Tonight's episode of The Flash was epic in scope...which often means fewer Easter eggs.
Not always, though, and while we didn't have a head-banging number of them this week, many of the ones we DID get to see, were pretty great.
So, here, as always, we've tried to put together a little list for you.
So...what did we see? What did we miss? Read on, and comment below.
"Gorilla Warfare" wasn't just a clever pun because Grodd is a gorilla.
It was actually the name of a storyline from the '90s in which Green Lantern and The Flash faced off against Grodd and Hector Hammond in Gorilla City.
As you can imagine with a Green Lantern ring AND a psychic gorilla around, it was a pretty wacky story.
A quick biographical note on yours truly: Since I was fairly young and relatively new to comics, probably the first storyline I ever read that crossed over between two distinct families of books. While I had read Superman and the other three titles starring him before, the only time I'd ever seen, say, Green Lantern's book have an official installment in a story that wasn't all his own was during the Reign of the Supermen!. Even that was just the one issue, though, in an otherwise Superman story. "Gorilla Warfare" was probably the first such story that I bought on its own terms and realized that writers could coordinate inter-title crossovers even if they didn't have the same editor.
In the first part of the episode, Barry Allen rides around in the wheelchair previously seen in the hands of Harrison Wells of Earth-1/Eobard Thawne.
We're assuming that there's no special parts left (they used those to make their robot friends -- err, the Time Sphere -- last season), so it's just a wheelchair, but it certainly LOOKS like the same one Thawne used.
THE PRINCESS BRIDE
This wasn't all that well-hidden and isn't really much of a reference...but it's worth mentioning that they go see The Princess Bride...or try to, before Cisco's spider-senses inadvertently ruins his date with Kendra.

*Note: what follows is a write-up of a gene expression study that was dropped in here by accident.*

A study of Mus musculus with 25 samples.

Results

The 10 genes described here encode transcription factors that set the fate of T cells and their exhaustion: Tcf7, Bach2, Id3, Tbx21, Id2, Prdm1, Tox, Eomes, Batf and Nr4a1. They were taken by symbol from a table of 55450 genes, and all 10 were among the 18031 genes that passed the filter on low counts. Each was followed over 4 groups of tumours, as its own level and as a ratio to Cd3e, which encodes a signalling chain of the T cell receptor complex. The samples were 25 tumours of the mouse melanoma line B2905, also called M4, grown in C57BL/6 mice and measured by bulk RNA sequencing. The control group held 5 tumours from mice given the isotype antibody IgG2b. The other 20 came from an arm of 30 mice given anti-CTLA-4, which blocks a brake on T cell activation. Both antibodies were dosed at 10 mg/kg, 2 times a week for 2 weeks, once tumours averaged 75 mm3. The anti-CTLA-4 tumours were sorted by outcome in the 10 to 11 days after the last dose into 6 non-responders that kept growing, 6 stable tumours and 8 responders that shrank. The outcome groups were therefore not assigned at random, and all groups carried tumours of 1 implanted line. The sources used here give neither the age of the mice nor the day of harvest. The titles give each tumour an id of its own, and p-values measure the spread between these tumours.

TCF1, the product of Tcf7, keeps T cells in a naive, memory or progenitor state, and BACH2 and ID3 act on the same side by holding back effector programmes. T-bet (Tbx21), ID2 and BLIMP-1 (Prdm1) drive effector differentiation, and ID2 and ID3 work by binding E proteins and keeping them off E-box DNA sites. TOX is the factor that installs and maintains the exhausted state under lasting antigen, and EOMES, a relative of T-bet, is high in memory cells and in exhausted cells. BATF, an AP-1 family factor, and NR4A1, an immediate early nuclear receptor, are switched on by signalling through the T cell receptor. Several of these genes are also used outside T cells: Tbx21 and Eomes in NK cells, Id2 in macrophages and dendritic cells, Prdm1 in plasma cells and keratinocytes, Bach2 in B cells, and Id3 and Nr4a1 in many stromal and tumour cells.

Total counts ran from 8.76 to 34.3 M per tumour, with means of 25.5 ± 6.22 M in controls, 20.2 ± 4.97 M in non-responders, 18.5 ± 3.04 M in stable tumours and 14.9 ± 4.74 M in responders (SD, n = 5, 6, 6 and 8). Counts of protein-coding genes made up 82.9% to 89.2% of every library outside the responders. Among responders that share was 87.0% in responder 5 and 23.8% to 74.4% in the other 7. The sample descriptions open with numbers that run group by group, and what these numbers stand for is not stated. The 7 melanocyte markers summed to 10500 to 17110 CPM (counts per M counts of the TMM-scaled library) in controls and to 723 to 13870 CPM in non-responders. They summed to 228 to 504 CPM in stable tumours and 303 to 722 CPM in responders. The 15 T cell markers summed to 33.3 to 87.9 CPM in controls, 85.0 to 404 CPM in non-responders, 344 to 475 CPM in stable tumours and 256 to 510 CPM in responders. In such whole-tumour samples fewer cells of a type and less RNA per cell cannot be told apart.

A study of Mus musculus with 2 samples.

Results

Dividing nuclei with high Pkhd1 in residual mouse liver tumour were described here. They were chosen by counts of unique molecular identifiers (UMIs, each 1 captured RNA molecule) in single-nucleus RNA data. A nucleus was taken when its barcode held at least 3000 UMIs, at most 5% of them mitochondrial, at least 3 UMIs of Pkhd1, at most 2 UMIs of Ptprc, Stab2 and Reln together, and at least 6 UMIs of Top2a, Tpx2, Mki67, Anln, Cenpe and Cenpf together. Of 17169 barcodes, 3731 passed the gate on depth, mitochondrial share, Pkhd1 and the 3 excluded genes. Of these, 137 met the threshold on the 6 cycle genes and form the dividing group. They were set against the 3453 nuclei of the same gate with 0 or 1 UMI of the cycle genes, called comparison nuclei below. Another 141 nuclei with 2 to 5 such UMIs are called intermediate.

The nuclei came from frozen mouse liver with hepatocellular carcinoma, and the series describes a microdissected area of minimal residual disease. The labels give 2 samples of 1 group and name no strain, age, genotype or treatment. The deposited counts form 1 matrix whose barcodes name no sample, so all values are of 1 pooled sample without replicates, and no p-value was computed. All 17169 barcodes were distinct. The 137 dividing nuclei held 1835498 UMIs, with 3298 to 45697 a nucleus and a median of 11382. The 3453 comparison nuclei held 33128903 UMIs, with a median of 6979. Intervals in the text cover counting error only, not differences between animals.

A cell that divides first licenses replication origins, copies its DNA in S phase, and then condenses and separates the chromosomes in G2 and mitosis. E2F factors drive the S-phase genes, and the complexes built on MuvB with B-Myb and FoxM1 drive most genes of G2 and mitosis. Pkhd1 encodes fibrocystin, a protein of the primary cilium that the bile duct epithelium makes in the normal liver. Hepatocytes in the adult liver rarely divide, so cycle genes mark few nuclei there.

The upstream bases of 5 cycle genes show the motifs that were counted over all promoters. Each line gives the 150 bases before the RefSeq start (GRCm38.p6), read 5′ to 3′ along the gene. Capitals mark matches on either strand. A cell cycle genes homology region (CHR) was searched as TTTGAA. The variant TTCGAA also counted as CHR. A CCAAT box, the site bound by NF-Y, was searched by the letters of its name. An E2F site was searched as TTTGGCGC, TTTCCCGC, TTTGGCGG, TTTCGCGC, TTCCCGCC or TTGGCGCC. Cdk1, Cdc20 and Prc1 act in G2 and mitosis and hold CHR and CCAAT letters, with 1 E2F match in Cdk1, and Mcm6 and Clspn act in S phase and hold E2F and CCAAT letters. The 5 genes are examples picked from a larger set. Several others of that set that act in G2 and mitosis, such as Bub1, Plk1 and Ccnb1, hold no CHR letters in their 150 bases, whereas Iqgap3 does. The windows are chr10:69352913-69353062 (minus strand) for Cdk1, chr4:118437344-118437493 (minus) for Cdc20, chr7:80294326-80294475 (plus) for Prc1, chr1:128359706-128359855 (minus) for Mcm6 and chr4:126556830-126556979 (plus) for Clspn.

They catch the movie later on, though, so all you big Billy Crystal fans out there don't have to worry.
DC inside joke: Oswald Cobblepot's mother on Gotham is played by Carol Kane, who appeared in The Princess Bride.
We've seen Kendra Saunders a few times, now, and we know who she's eventually going to be on DC's Legends of Tomorrow -- but this is the first time we've seen her go full-on Hawkgirl in an actual episode of The Flash.
It's still stylized photography that doesn't give us a full sense of how the wings work in motion, but seeing her onscreen, in costume and wearing the wings was pretty cool.
The way the scene was lit even made her costume look a little less brown and more colorful than the promotional photos!
Cisco is always one for the pop culture references. We get a number of them this episode, but the one that made the trailer was calling Grodd "Grape Ape."
The Great Grape Ape Show is a 30-minute Saturday morning animated series produced by Hanna-Barbera Productions and broadcast on ABC from September 6, 1975 to September 3, 1978.
When Cisco arrives holding the picnic basket above his head to the tune of "In Your Eyes" by Peter Gabriel, it's pure '80s movie bliss.
It's a wink and a nod to an iconic scene from the film Say Anything..., with John Cusack and Ione Skye, right down to the same song playing.
And of course, fans of the comics will know that Vibe himself is no stranger to the wonder of the boombox.
In addition to the first look at Hawkgirl with her wings out, tonight's episode of The Flash gave fans a look at one of the oddest locales in the DC Universe: Gorilla City.
Set in the African rainforest, Gorilla City is inhabited by intelligent gorillas. In the comics, the city was originally located on the planet Calor but was brought to Earth by Green Lantern. It became home to both Grodd and Solovar, kind of his "good" equivalent.
One of the drugs Grodd stole was called Cortexin.
As noted by our regular commenter Monitor-Earthprime, "Cortexin was used in Kamandi as the drug that gave the animals their human level intelligence."
As you can see above, it was pretty effective.
Two different explanations for this one.
Monitor-Earthprime says, "Vaughn Pharmacuticals is named after Easy Co. member Vaughn who served as Heavy Machine Gunner."
That's possible, although Eric Ratcliffe of the Why I Love Comics podcast says he heard one of the employees referred to as Brian, raising the possibility that it's a nod to comic book and TV writer Brian K. Vaughan.